CHENNAI: Only a month has gone by since the Cooum river breached its banks, flowing majestically, reminding the city that polluted it about what it could be. But now, as the rains have stopped and the water release to the river having ceased, it has gone back to being at its stinking worst. It is on the banks of this river that artist Pa Madhavan is trying to initiate a dialogue about it.
“It has only been a month, but the memory about the floods is fast fading out of public memory. By elections, everyone will forget about it,” he said when asked why he took up the initiative. Behind him is a star hotel, standing in stark contrast to the river in front of him. On a fast, he only has a bottle of water to drink and a bag, and a book by Steven Hawkings and one on Gandhi.
Madhavan, along with several other artists and activists, had earlier organised Cooum Walk last july to map out and document the river through photos.
The co-founder of Goa Centre for Alternative Photography, Madhavan has been taking pictures of subtle changes around the spot where he has been sitting since 6 am on Thursday. “It has been quite a learning experience; other than those coming to relieve themselves, few locals from the other side who came by, sat and chatted with me and even offered food,” he told Express.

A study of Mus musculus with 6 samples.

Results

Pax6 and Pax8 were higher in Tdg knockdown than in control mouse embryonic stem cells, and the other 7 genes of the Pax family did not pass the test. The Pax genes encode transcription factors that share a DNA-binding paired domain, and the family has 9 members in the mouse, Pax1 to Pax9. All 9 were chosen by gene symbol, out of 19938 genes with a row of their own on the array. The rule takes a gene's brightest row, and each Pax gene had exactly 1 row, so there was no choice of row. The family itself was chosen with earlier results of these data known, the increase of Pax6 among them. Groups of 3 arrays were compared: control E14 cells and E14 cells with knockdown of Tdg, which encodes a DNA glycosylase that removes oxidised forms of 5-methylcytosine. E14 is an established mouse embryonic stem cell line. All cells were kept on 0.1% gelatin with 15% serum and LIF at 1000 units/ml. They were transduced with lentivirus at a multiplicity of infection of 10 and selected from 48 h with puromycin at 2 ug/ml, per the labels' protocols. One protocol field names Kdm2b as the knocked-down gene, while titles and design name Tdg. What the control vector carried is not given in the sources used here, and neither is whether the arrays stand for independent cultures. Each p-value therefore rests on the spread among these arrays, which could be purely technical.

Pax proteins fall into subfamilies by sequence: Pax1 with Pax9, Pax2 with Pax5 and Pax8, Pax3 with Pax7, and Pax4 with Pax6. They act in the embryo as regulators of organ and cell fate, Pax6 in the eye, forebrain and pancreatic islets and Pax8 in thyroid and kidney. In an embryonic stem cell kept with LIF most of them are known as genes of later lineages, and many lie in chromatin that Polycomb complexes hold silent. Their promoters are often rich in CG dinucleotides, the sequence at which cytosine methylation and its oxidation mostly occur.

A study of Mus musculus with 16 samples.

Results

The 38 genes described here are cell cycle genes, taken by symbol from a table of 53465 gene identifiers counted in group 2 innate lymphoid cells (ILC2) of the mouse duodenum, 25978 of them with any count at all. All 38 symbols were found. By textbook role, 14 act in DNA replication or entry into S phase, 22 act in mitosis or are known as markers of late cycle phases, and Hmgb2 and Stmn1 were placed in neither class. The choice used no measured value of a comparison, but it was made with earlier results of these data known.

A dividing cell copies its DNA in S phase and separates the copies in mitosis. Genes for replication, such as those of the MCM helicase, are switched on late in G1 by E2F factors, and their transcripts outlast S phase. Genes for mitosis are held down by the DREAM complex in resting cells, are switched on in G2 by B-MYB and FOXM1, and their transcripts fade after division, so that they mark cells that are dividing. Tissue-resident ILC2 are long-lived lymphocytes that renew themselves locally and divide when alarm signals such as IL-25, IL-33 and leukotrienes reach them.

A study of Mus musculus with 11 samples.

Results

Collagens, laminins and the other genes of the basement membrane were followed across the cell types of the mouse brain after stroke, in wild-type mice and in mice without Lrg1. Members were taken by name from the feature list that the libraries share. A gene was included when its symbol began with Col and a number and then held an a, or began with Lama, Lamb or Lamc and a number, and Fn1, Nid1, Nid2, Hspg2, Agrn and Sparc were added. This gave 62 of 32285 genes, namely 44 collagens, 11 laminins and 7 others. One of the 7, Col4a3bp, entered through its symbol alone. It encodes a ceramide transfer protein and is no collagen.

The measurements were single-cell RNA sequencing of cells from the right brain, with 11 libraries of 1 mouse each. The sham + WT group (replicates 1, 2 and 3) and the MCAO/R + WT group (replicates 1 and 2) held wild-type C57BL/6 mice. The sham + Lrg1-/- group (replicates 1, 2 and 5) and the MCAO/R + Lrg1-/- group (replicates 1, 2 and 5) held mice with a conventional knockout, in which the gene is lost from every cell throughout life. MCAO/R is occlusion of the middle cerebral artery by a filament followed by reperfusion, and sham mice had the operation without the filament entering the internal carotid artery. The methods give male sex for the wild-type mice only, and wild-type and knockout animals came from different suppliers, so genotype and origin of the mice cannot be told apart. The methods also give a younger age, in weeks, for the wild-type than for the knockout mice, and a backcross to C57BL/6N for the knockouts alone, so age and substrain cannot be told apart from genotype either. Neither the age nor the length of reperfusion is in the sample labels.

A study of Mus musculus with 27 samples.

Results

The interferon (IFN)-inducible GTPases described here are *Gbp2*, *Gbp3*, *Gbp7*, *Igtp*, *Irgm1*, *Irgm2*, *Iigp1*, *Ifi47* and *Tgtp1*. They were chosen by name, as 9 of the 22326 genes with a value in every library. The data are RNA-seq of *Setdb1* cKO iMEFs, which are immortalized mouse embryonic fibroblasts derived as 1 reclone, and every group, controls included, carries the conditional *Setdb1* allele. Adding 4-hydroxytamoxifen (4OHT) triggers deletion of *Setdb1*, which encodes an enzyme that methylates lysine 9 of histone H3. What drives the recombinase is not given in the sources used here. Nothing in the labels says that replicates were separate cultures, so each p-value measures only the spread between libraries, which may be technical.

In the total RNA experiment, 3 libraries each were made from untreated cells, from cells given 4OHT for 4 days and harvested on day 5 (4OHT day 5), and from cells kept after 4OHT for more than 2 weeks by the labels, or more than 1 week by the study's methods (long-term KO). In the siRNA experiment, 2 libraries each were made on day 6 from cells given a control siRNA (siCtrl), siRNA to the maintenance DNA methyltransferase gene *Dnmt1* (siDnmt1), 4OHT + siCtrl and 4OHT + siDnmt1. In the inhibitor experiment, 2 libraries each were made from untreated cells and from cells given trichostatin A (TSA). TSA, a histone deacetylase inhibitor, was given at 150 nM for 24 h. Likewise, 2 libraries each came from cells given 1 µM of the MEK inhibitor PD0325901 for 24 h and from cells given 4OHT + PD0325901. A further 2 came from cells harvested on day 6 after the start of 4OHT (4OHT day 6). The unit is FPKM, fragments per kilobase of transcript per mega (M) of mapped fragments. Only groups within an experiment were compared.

The place he has taken refuge along Ethiraj Salai is fenced and barren, with plastic waste strewn among little greenery where people often relieve themselves.
“It is better to initiate a conversation over a fast. Gandhi, if he had to start a protest, would resort to fast and his silence would initiate action or at least a dialogue about the issue,” Madhavan said, explaining why he decided to have just water.
He is planning to sit there till Saturday joined by friends and wellwishers, artists and ordinary public, all of whom have been invited to be part of the discussion in the coming days. Rahul Bhattacharya, one of his friends who dropped by, commented that water is becoming the focal point of all conflicts these days, noting with appreciation Madhavan’s effort to get people talking about the Cooum in whatever medium possible.